Did you know?
A group of Afrikaans travellers searching for a place to settle, known as the Trek Boers, arrived in Pofadder in 1889, attracted by its perennial spring. They started farming here and many of their descendants are still here today.
Pofadder might look like a nondescript town in a nowhere part of the world, hence its association as South Africa’s Timbuktu, a town so remote you'd only go there under extreme circumstances.
You are most likely to drive past this town on route to the Orange River (be it for rafting, to see the Augrabies Falls or on the road from Springbok to Upington).
But actually, it is a magical world for those who know it, and if you have the time, consider pausing here. In spring the region shows off its obvious beauty. Situated at the edge of the Namaqualand flower world, the landscape here simmers with colour in years of good rain.
Out of season it has a hidden beauty waiting to be explored. To experience this landscape, hiking, quad biking and 4x4 adventures are all offered, as is homegrown hospitality and delicious farm-fresh lamb.
Some people might think the town takes its name from the snake of the same name in Afrikaans (a pofadder or puffadder is one of South Africa's most venomous species).
But Pofadder actually gets its name from a Khoi-Khoi chief, Klaas Pofadder, who first settled here with his people in the 1800s because of a sweet water spring in the area. When a mission was established later, the name stuck.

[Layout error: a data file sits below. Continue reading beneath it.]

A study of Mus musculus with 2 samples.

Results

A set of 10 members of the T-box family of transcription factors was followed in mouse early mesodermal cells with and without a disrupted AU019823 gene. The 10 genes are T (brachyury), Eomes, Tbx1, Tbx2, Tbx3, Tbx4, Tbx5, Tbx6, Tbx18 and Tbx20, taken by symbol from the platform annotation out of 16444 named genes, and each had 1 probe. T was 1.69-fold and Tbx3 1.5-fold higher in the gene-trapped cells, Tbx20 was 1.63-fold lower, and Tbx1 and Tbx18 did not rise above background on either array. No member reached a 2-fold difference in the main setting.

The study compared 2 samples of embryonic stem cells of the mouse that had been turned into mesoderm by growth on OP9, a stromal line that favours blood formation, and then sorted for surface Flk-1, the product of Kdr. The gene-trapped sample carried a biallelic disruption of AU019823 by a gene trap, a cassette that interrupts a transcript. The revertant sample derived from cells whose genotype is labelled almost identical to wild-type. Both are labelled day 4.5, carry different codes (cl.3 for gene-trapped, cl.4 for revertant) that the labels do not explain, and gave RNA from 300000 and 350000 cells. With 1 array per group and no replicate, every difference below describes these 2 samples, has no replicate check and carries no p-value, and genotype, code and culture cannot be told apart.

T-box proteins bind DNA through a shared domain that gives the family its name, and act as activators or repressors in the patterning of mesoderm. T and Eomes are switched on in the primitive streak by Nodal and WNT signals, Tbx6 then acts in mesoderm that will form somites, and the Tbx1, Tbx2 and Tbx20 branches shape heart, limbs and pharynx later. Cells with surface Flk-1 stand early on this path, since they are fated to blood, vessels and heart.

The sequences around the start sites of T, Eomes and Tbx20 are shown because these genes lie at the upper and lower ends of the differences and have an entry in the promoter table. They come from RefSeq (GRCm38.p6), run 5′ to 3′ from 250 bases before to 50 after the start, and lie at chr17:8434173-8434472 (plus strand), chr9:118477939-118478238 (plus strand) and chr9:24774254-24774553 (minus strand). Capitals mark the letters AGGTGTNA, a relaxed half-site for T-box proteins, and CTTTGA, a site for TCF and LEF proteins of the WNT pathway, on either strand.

A group of Afrikaans travellers, known as the trekboers, also arrived in Pofadder in 1889, attracted by its perennial spring. They started farming here and many of their descendants are still here today. Should you spend a night or two in this area, you'll be sure to meet them.
Travel tips & Planning info
Who to contact
Tel: +27 (0)54 933 0063
How to get here
Pofadder is about 700km from Cape Town and about 650km from Kimberley. From Cape Town, it's a beautiful drive through Namaqualand, and it can be done in a standard vehicle, but a 4x4 is preferable, for exploring the off-the-beaten track byways.
Best time to visit
All year round but if you want to see the flowers, then visit in the springtime, from late August to the end of September. Bear in mind it is scorchingly hot in these parts in summer.
Around the area
Pofadder is in Namaqualand, renowned for its plant species, flowers and desert landscapes. Take time to explore this region where time and space are still plentiful. About 40km from Pofadder, there is a cathedral built in the desert by monks copying a picture in an encyclopaedia, at Pella. This is well worth a visit.
Your own vehicle.
Length of stay
Distances in this region are great and the landscape is vast. Set aside at least a week to explore Namaqualand, and its quaint towns like Pofadder.
What to pack
Walking gear, hats, water, cameras, maps, GPS.
Where to stay
In Pofadder you can stay at the Pofadder Hotel or choose from a range of guesthouses and farm stays.
What to eat
Meals are available at all the places to stay.